How to Easily Adjust to No-Peek Blackjack Games
The standard situation in blackjack is that the dealer is dealt two cards with one face-up and one face-down. Each of the players are also dealt two cards which are obviously face-up. However, in some games, the dealer is only dealt a single card. While it doesn't seem like this should make much of a difference, when you realize how blackjack works on a higher level, you'll see that this poses one fundamental problem for players: The dealer cannot check for blackjack. This drastically changes the correct strategies in a number of important scenarios, and if you don't make the proper adjustments, then you can find the casino's advantage increasing.
The main scenario that you have to worry about is when the dealer has a ten or an ace for a potential blackjack. Because there is no checking for blackjack, it means that they can get one when you double your hand or split two cards. With a lot of extra risk added because of the possibility of losing both your initial bet and your extra bet, you have to double and split less often. Effectively, the dealer's advantage increases in these types of scenarios.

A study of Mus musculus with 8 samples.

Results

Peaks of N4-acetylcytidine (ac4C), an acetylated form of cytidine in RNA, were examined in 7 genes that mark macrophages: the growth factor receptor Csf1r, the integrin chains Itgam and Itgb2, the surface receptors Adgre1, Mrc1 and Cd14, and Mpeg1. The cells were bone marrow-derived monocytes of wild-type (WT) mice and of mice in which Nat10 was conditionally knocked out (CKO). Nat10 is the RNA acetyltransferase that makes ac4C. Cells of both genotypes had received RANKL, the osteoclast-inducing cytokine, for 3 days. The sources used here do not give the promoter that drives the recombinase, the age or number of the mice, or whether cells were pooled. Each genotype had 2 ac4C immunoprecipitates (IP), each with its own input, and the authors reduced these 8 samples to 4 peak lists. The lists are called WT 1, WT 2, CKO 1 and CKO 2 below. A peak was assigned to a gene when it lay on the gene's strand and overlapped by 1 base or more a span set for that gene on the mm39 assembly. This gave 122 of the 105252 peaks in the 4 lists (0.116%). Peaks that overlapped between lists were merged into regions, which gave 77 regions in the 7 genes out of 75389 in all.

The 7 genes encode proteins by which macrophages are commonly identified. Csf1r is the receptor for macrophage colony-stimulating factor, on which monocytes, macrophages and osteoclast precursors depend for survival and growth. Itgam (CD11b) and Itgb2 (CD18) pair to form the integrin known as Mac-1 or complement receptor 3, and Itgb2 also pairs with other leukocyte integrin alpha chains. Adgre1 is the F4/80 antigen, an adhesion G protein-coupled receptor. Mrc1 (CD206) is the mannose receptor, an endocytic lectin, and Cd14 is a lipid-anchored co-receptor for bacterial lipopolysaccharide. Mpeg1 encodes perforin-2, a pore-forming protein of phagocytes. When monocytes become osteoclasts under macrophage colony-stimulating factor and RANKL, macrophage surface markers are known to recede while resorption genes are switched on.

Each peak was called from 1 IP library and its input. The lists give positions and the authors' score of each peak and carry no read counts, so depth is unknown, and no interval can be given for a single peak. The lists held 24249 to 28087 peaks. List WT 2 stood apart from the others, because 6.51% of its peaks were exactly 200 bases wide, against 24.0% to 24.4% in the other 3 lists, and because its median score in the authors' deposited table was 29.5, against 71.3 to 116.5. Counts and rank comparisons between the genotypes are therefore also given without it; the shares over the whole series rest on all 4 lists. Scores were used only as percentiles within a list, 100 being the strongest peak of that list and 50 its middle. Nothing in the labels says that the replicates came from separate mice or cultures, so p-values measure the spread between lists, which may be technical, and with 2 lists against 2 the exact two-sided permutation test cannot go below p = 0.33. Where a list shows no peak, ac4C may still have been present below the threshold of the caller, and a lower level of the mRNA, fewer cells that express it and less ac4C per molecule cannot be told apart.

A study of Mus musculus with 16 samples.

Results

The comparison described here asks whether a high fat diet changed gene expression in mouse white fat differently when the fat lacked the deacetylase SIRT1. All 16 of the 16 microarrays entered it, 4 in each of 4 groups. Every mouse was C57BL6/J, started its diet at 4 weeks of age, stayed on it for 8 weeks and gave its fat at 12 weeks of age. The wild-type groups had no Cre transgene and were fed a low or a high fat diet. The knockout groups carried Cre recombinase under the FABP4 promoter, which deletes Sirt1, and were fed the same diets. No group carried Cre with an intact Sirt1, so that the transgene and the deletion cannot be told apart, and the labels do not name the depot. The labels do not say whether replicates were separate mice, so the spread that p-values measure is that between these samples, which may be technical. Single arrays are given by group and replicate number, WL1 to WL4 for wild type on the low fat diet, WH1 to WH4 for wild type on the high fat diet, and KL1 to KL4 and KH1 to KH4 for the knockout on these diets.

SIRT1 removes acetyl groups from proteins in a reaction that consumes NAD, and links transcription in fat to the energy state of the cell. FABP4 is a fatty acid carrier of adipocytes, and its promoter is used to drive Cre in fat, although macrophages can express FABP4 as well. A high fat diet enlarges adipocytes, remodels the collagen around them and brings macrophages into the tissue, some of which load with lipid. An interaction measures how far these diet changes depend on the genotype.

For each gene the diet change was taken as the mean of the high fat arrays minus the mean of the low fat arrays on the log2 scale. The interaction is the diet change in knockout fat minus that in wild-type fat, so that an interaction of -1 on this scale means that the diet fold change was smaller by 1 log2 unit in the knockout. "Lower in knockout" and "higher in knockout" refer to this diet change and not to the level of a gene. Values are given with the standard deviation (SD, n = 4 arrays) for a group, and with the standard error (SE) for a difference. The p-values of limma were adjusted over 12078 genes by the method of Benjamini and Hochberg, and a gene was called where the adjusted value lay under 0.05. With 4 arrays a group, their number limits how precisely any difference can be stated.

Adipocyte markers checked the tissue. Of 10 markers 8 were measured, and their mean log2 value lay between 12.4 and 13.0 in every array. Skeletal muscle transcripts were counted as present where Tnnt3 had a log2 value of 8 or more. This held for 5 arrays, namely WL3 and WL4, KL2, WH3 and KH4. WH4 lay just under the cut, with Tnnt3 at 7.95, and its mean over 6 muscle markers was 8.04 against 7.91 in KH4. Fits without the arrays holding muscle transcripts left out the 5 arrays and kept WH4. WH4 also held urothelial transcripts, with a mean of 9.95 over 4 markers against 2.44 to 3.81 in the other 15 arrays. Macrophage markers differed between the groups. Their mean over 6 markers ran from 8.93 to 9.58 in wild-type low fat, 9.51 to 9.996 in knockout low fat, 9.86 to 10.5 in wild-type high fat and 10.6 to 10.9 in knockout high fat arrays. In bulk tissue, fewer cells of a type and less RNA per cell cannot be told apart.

One extreme way of handling this change in strategy is to stop doubling and splitting completely. The problem with this type of extreme adjustment is that you lose out on a lot of opportunities that are still profitable for doubling and splitting, even though they're not as profitable as they were without the no-peek rule. It's better than playing the regular strategy of always doubling and splitting when you normally would with standard peek rules, but it's not optimal except in the case of doubling. You should never be doubling when your opponent has a potential blackjack in no-peek games.
Since it's just the splitting scenarios you have to worry about, a better way to approach no-peek games when your dealer could have a blackjack is to only split in situations where you have a very large advantage by splitting or if you have a very large disadvantage by not splitting. The classic example of the former is when you have two aces against a ten, and the classic example of the latter is when you have two eights against an ace or a ten. With the two aces, you have two chances at blackjack with a strong card against the ten, and with the two eights, you have an extremely weak hand if you just hit.